My Top 12 Films From 2010: #5 and #4

Back to business...

The top 12 so far:
12) Scott Pilgrim vs the World
11) Winter's Bone
10) The Girl With the Dragon Tattoo
9) Jackass 3D
8) Black Swan
7) Kick Ass
6) True Grit

5) The Town

"FACK YOU, YA BAY AREA TOONIE!"

The town is everything you thought it'd be! Cliche! Boston Accents up the wazzu! Over the top lines! The criminal with the heart of gold! His loose cannon friend! Guns! Heists! Blake Lively's Tittays! Red SAWXXXXXX! Ben Affleck's forehead! And yes, Don Draper as a f'in cop.

But that doesn't make it a bad movie. In fact, these things make it a great movie. I feel when Afflect directed this movie, he wasn't making it out to be the next stuuuper sterious heist movie people thought it would be. Instead, he knew it would be a movie people could go watch and have fun with. Which is great, because I did have fun with it. There were times when I was watching the movie where I'd think, fuck yeah, put that goddamn town in your goddamn rear view mirror. And when Jeremy Renner's character did something hot headed, I'd think, oh hell nah!

The movie's cliches are many. It's set in Boston, and within the first five minutes, you know it is. Red Sox logos are everywhere. The words Smahhht and Facccck fly around like they're the letter e. They even rob Fenway Park, I shit you not. And while it's easy to laugh at their dopey Bostonian toughness, it also makes the movie entertaining to watch. I feel like it's almost purposely over the top for this reason.

The directing is pretty straightforward, another reason why I liked it. No Chris Nolan camera tricks or Aronofsky mind fucking, just straight forward shoot em up action that is raw and gritty. It's not like the Departed at all. The Town doesn't take itself too seriously like The Departed did, which makes things less intense but flows a lot smoother.

The acting is.... all right. Jeremy Renner is awesome, as always, but Affleck is Ben Affleck, and Jon Hamm is Don Draper with an FBI vest. I wish Afflect had gotten someone else to be his character, like Matty Damon or Tom Hardy or something. But what can you do.

The Town isn't a film that will blow you away, but it's much more solid than films that are trying to hard (Black Swan).

4) Inception

After I saw Inception, I thought it'd be my movie of the year, but then as more months past, and as I watched it again, I realized it was not. It really is hyped a bit too much.

Mind you, that doesn't make it a bad movie, but Inception reminded me of Avatar, a movie that was a breakthrough, but in the end not a movie of the year. But at the same time, as a movie, it's a lot better than Avatar, which after watching it in non 3D, I realized is a piece of trash.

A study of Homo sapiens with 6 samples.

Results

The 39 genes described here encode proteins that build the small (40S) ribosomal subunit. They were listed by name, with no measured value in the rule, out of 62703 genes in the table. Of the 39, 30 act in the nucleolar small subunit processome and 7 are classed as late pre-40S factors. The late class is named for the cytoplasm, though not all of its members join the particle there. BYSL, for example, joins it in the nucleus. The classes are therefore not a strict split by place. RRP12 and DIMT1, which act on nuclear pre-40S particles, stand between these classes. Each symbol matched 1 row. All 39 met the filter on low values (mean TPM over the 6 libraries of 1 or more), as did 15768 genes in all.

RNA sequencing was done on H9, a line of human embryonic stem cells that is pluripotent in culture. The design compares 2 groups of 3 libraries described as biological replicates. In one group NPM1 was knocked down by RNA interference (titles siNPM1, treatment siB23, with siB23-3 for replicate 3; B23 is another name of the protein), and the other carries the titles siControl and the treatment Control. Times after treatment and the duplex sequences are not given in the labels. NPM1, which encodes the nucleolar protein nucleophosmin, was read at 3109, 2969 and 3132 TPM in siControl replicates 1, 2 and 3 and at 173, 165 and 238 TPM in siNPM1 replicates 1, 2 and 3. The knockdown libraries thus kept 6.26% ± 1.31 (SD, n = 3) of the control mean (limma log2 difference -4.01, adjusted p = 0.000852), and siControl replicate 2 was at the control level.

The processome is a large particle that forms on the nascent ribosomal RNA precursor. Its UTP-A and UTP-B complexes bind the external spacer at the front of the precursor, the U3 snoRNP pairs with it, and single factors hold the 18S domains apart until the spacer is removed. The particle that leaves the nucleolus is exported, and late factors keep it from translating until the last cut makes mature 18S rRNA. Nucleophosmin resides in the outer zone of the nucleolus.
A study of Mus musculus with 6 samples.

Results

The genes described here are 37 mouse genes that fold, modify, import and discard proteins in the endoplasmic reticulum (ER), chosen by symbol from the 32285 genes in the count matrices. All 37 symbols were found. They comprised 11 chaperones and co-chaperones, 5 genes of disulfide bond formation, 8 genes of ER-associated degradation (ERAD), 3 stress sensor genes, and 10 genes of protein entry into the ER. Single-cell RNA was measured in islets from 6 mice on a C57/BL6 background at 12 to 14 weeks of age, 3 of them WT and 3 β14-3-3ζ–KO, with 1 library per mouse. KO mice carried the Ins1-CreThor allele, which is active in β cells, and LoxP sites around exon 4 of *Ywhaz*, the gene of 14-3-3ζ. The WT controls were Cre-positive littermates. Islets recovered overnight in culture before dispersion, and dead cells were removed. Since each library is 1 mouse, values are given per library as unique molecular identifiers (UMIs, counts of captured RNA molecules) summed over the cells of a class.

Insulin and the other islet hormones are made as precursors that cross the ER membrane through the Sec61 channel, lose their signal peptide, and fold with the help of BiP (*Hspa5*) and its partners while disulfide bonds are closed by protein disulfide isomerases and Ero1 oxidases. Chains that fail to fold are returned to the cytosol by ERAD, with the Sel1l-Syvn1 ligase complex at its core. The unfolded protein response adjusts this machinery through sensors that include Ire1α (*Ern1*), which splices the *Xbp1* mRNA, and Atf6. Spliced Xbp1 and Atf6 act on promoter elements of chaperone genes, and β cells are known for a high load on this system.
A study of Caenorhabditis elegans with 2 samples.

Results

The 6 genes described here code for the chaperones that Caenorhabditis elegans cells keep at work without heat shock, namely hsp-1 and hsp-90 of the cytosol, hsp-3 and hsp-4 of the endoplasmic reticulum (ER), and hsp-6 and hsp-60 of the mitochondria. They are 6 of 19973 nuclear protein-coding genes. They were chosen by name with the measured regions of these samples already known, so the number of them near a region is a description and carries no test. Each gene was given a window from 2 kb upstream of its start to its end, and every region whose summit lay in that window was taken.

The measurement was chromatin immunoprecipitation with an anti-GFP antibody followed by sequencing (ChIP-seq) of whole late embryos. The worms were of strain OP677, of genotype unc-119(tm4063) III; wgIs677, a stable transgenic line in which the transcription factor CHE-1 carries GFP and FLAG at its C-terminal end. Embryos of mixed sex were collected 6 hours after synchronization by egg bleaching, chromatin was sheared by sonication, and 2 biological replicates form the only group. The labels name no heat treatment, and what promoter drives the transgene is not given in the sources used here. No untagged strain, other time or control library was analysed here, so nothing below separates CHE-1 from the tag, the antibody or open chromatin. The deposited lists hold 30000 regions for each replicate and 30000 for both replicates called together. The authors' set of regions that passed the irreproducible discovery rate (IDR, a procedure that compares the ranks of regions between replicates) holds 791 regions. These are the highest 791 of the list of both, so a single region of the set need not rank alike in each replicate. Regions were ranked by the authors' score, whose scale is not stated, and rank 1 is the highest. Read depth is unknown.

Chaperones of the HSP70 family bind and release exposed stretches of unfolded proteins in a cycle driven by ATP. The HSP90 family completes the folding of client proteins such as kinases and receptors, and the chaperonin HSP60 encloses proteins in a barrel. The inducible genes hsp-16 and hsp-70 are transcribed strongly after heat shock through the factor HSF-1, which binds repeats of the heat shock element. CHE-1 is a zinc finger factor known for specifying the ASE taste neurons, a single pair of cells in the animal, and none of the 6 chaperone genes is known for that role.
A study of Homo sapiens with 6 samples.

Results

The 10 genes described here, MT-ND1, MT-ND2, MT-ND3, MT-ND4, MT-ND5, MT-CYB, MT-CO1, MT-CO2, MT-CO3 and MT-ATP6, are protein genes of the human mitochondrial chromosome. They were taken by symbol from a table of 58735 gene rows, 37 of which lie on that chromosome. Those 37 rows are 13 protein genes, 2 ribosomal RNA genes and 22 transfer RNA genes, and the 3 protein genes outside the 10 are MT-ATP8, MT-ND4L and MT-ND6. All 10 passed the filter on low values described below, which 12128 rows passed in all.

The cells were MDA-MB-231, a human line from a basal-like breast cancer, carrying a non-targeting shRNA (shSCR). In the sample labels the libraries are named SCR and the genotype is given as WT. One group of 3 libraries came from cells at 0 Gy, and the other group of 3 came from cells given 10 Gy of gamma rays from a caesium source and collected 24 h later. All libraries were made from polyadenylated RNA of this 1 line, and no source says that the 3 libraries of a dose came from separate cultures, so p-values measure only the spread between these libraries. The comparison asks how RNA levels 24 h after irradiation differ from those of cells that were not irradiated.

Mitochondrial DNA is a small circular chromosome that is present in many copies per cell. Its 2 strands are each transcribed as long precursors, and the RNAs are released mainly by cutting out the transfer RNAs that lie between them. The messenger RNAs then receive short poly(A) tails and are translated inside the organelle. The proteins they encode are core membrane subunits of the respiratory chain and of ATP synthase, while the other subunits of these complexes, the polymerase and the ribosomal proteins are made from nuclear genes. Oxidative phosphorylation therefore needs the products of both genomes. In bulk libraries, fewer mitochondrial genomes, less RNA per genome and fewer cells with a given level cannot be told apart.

Everyone knows why Inception is great: the shifting gravity fights, the action, the way the tone is set for all the scenes, the great performances by the ensemble cast, so I'm going to list why Inception is not the top movie of the year.

First off, one dimensional characters. When I saw the advertising for Inception, they broke down each character by their roles: Extractor, Point Man, Shade, etc. Well, apparently, these roles were also stuck in the film, and each actor acted to this role perfectly. But in the end, that leaves you stuck with characters who have no complexity. Joseph Gordon Levitt is the point man, he gets action done, and basically that's all to his character. Tom Hardy is the forger, he creates new identities, and that's all to his character. That's about it. I felt that after watching a movie with all these characters, I still could not relate to them.

Even Leo's character, who the audience is supposed to identify with, comes off a little one dimensional. The man with the broken past. And that's all there is to him. Every scene he's in, he's either mumbling about Mal or talking about how inception was done.

Also, it's too obvious that Ellen Page's character is there just to explain stuff to the viewer. She spouts off lines that are clearly just explanation lines, and throws in a few worried glances to Leo's character Cobb. That's about it.

The other problem I had with it was plot. It's confusing. Unless you spend analyzing it for a while after watching, you don't understand what the hell went on after walking out of the theatre. I suppose Nolan did the best job to tell a story that had too many stories within a stories. Too many characters, too many settings, too many plot lines, it's hard to juggle, and Nolan does a great job. That doesn't mean though that he was trying to be too ambitious.

For those reasons, Inception is not my top movie. But it's still in my top 5 for all the reasons that everyone else loved the movie.